Picasso’s “Head of Bull”, above, conjured from a saddle (no, sadly it wasn’t a Brooks) and handlebar, both of which he removed from a supposedly derelict bicycle in 1943 somewhere in Paris, arguably qualifies as an early prominent example of at least two types of art; scavenged art, and bike art.
Nowadays, of course, it’s much harder to define “art” than it was when Pablo ruled the roost, or at least to distinguish it from everything else that isn’t; and we could probably say something similar about the term “artist”.
This difficulty hasn’t stopped us from delving into the world of artistic endeavor recently, to establish whether any fine leather saddles of English provenance have been moonlighting as frame or muse in “the human disposition of sensible or intelligible matter for an aesthetic end”.
The great thing about using a Brooks saddle as a composite piece of your art is, many would maintain, that but for the trifling matter of their mass production at our works in Smethwick, they’d almost qualify as stand-alone works of art in and of themselves. Though, come to think of it, didn’t a fairly well respected American have a “Factory” of his own not so long ago?
Anyway, Kara Ginther has been cutting designs into leather for a few years. In a piece which we’ll be publishing in next year’s Brooks Bugle, she tells the story of the day her thoughts turned from belt-engraving to saddle-chamfering…
“…I carved my first Brooks saddle in September 2009. My friend had just purchased a new saddle and for reasons that still elude me, offered his as a test. I will never forget that first cut. I have yet to find anything that carves as nicely as a Brooks saddle. The leather is perfectly firm; the contrast is crisp and beautiful.”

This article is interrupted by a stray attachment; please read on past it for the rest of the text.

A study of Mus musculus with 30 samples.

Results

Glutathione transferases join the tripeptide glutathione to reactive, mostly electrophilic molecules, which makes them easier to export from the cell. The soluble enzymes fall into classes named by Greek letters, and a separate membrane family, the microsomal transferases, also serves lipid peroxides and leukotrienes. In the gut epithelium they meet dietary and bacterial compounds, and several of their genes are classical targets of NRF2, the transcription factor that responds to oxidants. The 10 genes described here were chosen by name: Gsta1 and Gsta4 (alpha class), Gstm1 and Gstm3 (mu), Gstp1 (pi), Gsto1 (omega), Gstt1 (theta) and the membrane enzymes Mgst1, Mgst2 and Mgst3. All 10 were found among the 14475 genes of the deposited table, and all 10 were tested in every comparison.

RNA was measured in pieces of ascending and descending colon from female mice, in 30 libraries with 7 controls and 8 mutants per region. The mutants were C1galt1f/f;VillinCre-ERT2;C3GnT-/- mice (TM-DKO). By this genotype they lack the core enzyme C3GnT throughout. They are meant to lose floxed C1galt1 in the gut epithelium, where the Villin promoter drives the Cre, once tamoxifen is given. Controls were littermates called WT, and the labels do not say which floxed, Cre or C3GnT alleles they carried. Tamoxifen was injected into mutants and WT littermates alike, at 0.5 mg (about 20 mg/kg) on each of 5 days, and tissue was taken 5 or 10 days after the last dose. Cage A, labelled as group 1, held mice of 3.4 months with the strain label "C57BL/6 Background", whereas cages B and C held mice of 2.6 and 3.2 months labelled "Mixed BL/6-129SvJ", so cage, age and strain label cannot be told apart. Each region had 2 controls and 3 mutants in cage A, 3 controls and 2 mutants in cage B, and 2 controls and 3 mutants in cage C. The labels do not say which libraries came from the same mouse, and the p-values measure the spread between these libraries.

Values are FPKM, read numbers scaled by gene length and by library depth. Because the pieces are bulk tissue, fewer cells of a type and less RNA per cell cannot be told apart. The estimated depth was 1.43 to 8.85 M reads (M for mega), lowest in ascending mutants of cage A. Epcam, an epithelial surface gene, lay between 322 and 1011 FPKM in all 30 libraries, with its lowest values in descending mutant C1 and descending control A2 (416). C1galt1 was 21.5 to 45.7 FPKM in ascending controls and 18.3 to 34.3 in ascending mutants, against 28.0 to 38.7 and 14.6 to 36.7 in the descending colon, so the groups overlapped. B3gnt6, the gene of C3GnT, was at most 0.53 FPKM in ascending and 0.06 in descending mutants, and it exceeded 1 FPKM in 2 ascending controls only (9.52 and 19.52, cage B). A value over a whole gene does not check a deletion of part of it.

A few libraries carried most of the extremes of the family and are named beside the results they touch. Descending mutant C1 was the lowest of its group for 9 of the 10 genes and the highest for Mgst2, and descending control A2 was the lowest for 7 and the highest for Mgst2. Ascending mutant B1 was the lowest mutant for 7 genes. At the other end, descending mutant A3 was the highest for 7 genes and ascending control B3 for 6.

Self-effacingly hesitant to describe her work as full-blown art, Ginther prefers to view the pieces as an end result of her passion for design combined with pure craftswomanship. As to whether she prefers to see her saddles hanging from a gallery wall (which they have done) or bolted to a seat post…
“I would rather see my work on a seat post any day of the week.”
Brooklyn based Dan Funderburgh‘s work has been eloquently described as a “repudiation of the fabricated schism between art and decoration”. Best known for his superbly playful and intricate wallpaper designs, he came up with some ideas last year for pressing motifs into our saddles. We were most taken with his suggestion to find a topographical rendering of the storied Alpe d’Huez and deboss it in a run of our Team Pros , its release to coincide with the 2009 Tour de France. Magnifique.
Another artist drawn to the bicycle as vehicle of expression, but more specifically in this case to the B135, is Tom Sachs.
Tom likes to “show his work”, which is to say that the artistic journey is as important for him as the final destination. This ethos layers and re-layers in meaning when one watches his “Waffle Bike” short film from 2008, where he charmingly catalogues the component pieces of his mobile waffle cooking station, while riding the whole contraption, loudspeakers, live hens et al through the boroughs of New York. We couldn’t buy that sort of publicity if we tried.